The (almost) true legend of St. Expedite in New Orleans
Some stories are rooted in legend, and some are rooted in verifiable fact. This one leans toward the legendary, but that doesn’t make it any less compelling to the faithful of New Orleans. It goes like this: Sometime around 1921, Catholic nuns at Our Lady of Guadalupe Church on Rampart Street received a crate marked “expedite” (which may or may not have been intended to indicate it was a rush order). Inside was an otherwise unidentified statue of a Roman soldier, helmetless and swordless. In one hand he held a palm branch, a symbol of martyrdom. In the other was a cross marked “hodie,” Latin for “today.” The nuns declared him to be St. Expedite, and installed him in the church, near the entrance, where he has for years drawn prayers from legions of people seeking rapid intervention.
Our Lady of Guadalupe, which is still in operation today, isn’t the oldest church in New Orleans. St. Louis Cathedral has that distinction. But it is considered the oldest surviving church in the city, having never been rebuilt to the extent that other houses of worship have. While it is probably best known for its International Shrine of St. Jude, the patron saint of lost causes, to this day it still draws devotees of St. Expedite who are in need of speedy relief.
- The authenticity of the local legend of St. Expedite is questionable at best. A similar story, for example, places the nuns opening the “expedite” crate — which, as the story goes, contained the remains of an unknown saint — in 18th century Paris. Yet another involves the Ursulines nuns in New Orleans, said to have received an “expedite” crate around the time of the French Revolution.
- Further complicating the story is the fact that there was a real St. Expedite. Though his origin story is murky, he is said to have been an Armenian martyred in fourth-century Turkey while serving as a Roman centurion.
- St. Expedite’s relationship with the Catholic Church is a complicated one. He was purged from the Roman Catholic calendar after Vatican II, according to Catholocism.org — and is therefore no longer an “official” saint — but his continued popularity among worshippers, including in New Orleans, keeps his tradition alive.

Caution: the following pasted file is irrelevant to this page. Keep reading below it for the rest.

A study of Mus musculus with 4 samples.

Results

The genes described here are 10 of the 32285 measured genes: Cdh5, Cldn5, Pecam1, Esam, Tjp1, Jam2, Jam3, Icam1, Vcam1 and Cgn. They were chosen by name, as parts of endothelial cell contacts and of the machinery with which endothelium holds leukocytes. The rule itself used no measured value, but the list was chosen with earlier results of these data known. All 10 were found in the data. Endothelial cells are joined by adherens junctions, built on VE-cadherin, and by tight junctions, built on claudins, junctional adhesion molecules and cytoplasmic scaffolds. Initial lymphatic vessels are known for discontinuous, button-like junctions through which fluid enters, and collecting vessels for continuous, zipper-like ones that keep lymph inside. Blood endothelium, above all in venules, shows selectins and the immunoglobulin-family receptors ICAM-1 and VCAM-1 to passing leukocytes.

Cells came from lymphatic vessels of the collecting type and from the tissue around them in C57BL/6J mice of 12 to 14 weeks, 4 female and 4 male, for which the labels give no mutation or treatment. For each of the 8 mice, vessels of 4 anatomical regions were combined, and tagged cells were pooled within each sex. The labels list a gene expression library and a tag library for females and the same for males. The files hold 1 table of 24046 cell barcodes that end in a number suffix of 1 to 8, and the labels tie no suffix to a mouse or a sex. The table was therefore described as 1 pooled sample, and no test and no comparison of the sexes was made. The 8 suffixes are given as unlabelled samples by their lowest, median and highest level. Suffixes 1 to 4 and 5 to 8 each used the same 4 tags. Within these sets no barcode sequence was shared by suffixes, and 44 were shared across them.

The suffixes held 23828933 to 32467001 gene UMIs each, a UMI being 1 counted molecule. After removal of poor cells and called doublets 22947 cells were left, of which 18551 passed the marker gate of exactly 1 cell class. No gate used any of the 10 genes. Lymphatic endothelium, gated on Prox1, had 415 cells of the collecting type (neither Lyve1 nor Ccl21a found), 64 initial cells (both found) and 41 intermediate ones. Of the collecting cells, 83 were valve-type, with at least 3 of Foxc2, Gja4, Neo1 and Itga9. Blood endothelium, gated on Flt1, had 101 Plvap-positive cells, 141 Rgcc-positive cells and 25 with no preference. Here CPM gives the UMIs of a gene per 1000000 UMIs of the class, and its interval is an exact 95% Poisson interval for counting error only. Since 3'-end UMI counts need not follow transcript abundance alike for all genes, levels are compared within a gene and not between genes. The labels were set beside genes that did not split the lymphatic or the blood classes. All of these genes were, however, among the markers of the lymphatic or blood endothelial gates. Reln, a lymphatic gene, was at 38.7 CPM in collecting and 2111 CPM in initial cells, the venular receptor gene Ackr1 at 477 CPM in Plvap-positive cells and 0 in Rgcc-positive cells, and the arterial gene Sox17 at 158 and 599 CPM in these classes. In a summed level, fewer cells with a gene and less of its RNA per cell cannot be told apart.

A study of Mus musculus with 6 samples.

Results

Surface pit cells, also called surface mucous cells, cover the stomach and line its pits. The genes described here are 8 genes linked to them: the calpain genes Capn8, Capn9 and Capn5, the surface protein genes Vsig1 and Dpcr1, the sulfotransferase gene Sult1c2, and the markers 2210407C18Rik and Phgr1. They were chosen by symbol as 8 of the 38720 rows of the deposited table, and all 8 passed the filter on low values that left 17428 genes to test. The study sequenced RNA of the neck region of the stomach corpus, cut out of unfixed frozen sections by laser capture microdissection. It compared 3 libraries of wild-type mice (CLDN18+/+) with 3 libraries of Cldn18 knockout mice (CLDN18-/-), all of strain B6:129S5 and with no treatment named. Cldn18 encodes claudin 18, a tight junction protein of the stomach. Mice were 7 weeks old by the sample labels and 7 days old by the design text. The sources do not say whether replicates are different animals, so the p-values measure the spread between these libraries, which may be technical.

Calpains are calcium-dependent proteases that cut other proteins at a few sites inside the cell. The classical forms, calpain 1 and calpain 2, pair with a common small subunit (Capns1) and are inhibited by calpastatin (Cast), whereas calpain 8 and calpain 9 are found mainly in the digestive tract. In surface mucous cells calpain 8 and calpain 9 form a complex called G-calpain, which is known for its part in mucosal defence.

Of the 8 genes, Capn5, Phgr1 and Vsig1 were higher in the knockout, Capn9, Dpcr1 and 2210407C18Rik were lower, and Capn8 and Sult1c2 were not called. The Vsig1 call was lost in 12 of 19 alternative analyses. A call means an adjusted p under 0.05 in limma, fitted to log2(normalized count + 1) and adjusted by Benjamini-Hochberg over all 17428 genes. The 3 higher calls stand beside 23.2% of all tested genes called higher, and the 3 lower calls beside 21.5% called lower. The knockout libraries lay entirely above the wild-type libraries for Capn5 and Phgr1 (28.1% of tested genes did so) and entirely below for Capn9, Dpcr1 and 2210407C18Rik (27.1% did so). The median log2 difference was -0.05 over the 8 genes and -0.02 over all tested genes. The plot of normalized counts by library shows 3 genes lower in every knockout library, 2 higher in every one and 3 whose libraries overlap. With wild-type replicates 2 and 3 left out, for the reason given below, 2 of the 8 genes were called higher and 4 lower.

- Although St. Expedite holds particular sway among New Orleanians, he isn’t unique to the Crescent City. Celebrations in his honor take place in Brazil, Italy and the African island of Réunion, among other places.
- Our Lady of Guadalupe Church was built in 1826 in the shadows of St. Louis Cemetery Nos. 1 and 2 as a “mortuary chapel” to host funerals for the many who died in one of the city’s yellow fever outbreaks. It was originally named the Chapel of St. Anthony of Padua.
- Before construction, the site of the chapel altar was marked with a cross on Oct. 10, 1826, by none other than Pere Antoine, the controversial but beloved longtime rector of St. Louis Cathedral.
- The church was built for $14,000 by the architectural firm of Gurlie and Guillot, whose other local projects included construction of the second floor of the Presbytere and also the “new” Ursulines convent.
- The church and shrine is staffed by the Missionary Oblates of Mary Immaculate, a community of priests and brothers founded in 1816 in France by St. Eugene DeMazenod, according to the church website.
- The church is the official chapel of the New Orleans Police and Fire departments.
- Also on Our Lady of Guadalupe Church grounds is a grotto dedicated to Our Lady of Lourdes, built in 1924.
Being a Catholic city, New Orleans has its share of favorite saints not named Drew Brees. In addition to St. Jude, there’s St. Anne (“St. Anne, St. Anne, find me a man!”), St. Joseph (whose statue is buried upside-down on the lawn to help sell a house) and St. Anthony (or “Saint Ant’ny,” the patron saint of lost things). But few saints so neatly pull together different threads of what make New Orleans so unique. St. Expedite is, first and foremost, a Catholic saint — which gives him instant credibility in the Crescent City — but there’s also an intriguing lightheartedness to his punny backstory that is hard for locals to resist. Then there’s the fact that his likeness has also been adopted by voodoo practitioners, once more highlighting that intersection of dark and light that is such an intriguing part of the city.